Po' Boys

Po’ Boys Creole Restaurant sold to familiar face

Pam GeorgeCulture, Headlines

Po' Boys

Red beans and rice, a staple of Cajun and New Orleans cuisine, is a popular item at Po’ Boys in Milton.

When it comes to Delaware’s hidden culinary gems, Po’ Boys Creole Restaurant tops the list.

The intimate Milton eatery is sandwiched between a dollar store and a bodega on a highway lined with cornfields.

Chef Michael Clampitt made the Cajun and Creole restaurant a destination for gumbo-loving diners. 

But on Monday, Sept. 25, he turned over the keys to Chase Nelson, formerly of Eden in Rehoboth Beach.

There is a sweet taste to the transaction. 

Nelson considers Clampitt a mentor, and both have a fine dining background, working together at Baywood Greens restaurant in Millsboro . 

“I couldn’t have picked a better chef/friend to take over the restaurant,” Clampitt says. “I am really excited for him.”

Clampitt had purchased Po’ Boys from Lee Stewart, with whom he’d worked at another beach restaurant. 

Diners may appreciate the serendipitous connections. 

But the question remains: What will change in the beloved eatery where everybody knows your name?

Po' Boys

Mike and Melissa Clampitt, left, have sold Po’ Boys to chef Chase Nelson.

Carving out niche

Amy and Lee Stewart opened Po’ Boys in 2009 after Lee was let go from Café Sole in Rehoboth. That space became a(MUSE.); now it’s Theo’s Steaks, Sides & Spirits.

The housing bubble had burst, and finding another executive chef position was difficult.

So, the couple called on Lee’s experience cooking creole cuisine in the Florida panhandle and decided to open Po’ Boys.

They chose the tiny Milton location because it was affordable. 

The Stewarts were in a league of their own. Even now, Cajun-focused restaurants aren’t plentiful in Delaware and most are aboe the C&D canal, including Cajun Kate’s, Nora Lee’s and Wilma’s.

For a cuisine that was once so ubiquitous—blackened fish, anyone?—it’s surprisingly hard to replicate the flavors of New Orleans outside the Big Easy.

But Po’ Boys pulled it off, and the place was consistently packed.

Changing of guard

By 2013, the Stewarts were exhausted. Enter Mike Clampitt, who had been the executive chef at the Baywood Greens restaurant in Millsboro for nine years.

The Johnson & Wales University graduate had also worked at the old Seahorse Restaurant, Gilligan’s, Blue Moon and Tijuana Taxi, where he filled enchiladas alongside Lee Stewart. 

Clampitt was content at Baywood but decided to take SCORE classes to explore entrepreneurship. The conservative chef wanted to know exactly what he was getting into before he took the plunge.

Then Clampitt learned that Po’ Boys was for sale, and the owners wanted a buyer who appreciated the community feel of the small restaurant, where most patrons were locals.

Clampitt didn’t want to kick himself later for missing the opportunity, so he and his wife, Melissa, made the leap and reopened the restaurant in January 2014.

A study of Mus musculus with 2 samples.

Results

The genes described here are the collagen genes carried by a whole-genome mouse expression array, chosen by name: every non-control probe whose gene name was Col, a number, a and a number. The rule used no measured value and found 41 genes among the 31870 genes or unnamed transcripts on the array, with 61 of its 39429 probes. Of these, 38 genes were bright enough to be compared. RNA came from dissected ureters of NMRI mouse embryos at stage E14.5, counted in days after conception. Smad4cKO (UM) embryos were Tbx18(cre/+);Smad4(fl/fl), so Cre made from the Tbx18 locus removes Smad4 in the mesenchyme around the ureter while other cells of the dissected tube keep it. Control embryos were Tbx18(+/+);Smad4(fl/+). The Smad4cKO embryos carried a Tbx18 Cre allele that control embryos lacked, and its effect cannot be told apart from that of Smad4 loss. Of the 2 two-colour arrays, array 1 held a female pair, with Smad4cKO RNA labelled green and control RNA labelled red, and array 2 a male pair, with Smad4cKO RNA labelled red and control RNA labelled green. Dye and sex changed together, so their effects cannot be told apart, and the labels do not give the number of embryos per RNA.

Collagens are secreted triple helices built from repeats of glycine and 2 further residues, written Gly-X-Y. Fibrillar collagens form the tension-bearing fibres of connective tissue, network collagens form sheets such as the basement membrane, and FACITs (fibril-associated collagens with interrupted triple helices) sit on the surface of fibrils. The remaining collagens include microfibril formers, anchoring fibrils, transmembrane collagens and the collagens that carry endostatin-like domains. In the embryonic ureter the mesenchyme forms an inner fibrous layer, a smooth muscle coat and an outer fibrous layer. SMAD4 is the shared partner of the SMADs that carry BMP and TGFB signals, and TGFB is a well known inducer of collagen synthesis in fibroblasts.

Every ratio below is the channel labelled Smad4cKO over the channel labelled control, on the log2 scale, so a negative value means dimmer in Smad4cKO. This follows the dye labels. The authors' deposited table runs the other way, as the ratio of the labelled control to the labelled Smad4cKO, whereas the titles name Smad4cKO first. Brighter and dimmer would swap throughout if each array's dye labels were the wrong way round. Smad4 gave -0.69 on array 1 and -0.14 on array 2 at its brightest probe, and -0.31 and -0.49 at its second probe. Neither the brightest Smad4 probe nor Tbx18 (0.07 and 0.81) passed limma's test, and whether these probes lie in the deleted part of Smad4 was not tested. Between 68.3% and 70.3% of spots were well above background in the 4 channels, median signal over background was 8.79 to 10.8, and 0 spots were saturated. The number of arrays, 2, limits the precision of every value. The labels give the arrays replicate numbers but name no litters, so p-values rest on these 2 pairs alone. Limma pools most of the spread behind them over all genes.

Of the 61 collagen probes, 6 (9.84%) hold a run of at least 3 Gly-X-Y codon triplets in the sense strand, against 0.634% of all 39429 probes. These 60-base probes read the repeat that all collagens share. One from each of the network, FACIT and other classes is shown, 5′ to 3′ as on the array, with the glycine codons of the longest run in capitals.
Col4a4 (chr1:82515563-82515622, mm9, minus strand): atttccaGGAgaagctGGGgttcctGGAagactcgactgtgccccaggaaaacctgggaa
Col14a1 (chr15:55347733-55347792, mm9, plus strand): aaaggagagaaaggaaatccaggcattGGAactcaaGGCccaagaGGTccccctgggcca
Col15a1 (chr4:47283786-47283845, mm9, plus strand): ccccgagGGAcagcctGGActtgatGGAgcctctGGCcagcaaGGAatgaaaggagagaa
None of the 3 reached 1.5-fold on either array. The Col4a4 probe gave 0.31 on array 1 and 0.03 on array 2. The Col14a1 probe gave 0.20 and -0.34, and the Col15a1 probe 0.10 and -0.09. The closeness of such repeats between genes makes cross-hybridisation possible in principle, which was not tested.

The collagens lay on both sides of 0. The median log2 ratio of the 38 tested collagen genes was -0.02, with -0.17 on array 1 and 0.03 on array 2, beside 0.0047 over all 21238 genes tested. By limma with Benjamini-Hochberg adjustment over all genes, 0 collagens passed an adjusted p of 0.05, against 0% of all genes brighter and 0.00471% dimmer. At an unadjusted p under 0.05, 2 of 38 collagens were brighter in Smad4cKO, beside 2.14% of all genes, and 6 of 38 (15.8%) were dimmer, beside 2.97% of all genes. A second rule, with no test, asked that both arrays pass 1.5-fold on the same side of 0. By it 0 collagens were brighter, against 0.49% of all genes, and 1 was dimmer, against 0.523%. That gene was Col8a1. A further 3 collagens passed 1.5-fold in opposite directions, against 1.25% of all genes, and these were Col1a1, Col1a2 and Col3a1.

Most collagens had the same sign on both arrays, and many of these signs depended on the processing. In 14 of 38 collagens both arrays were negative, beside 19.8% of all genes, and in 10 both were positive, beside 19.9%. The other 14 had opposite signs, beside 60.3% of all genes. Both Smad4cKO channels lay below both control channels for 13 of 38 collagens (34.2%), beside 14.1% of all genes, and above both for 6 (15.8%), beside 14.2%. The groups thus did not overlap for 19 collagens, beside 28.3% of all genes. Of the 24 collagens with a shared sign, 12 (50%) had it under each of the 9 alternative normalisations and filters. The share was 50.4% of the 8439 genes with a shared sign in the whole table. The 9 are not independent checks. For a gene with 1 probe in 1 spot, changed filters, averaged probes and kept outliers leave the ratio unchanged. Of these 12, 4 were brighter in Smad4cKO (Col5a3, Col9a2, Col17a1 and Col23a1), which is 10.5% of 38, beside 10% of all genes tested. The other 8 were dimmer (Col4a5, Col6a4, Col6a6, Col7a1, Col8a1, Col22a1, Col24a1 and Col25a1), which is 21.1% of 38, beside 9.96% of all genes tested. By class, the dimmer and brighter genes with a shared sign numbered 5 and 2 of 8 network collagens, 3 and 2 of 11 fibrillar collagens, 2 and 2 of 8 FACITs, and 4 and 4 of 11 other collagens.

Po' Boys

Po’ Boys such as this friend shrimp one, will stay on the menu at Po’ Boys in Milton, even though the restaurant has changed hands.

Po’ Boys keep rolling

It didn’t take long for Clampitt to become the face of Po’ Boys. He took orders, cooked food, greeted customers and drove the food truck. 

He ran crawfish boils to benefit charity and served gumbo and other dishes at numerous food-and-beverage events.

Then came COVID-19, and distancing requirements, the overwhelming demand for takeout and staff shortages crushed small restaurants. 

The Clampitts have two sons active on traveling baseball teams, and Clampitt has been in the business for four decades.

It was time to sell.

Chase Nelson worked for Clampitt at Baywood from 2010 to 2012, when Nelson left to go to the Culinary Institute of America. (His brother, Clay, now the chef at Harbour in Lewes, is also a CIA graduate.)

After graduating, Nelson worked at Eden, where Clay eventually rose to the position of executive chef. 

Chase waited tables, cooked and mixed drinks, and when his brother left, Chase took control of the kitchen.


“I wanted to be able to put out fun, exciting food that kept people coming back—they’re not worried about change,” he said.

He knew Clampitt, and he knew Po’ Boys. The turnkey operation appealed to him. 

“I like the small vibe—it’s only seven tables, so you have plenty of time to spend with customers,” Nelson said. “That’s really exciting to me.”

He knows he has big shoes to fill.

Everyone is afraid of change,” he acknowledged. And that includes Po’ Boys’ customers. 

The gumbo isn’t going anywhere, and given po’ boys is in the name, neither should the sandwiches.

However, Nelson will introduce lunch and dinner specials with his personal flair, and he may do special fixed-price dinners on Mondays and Tuesdays when Po’ Boys is usually closed.

Another location isn’t out of the question in the future.

But, for now, he’s following Clampitt’s advice: “Take it slow.”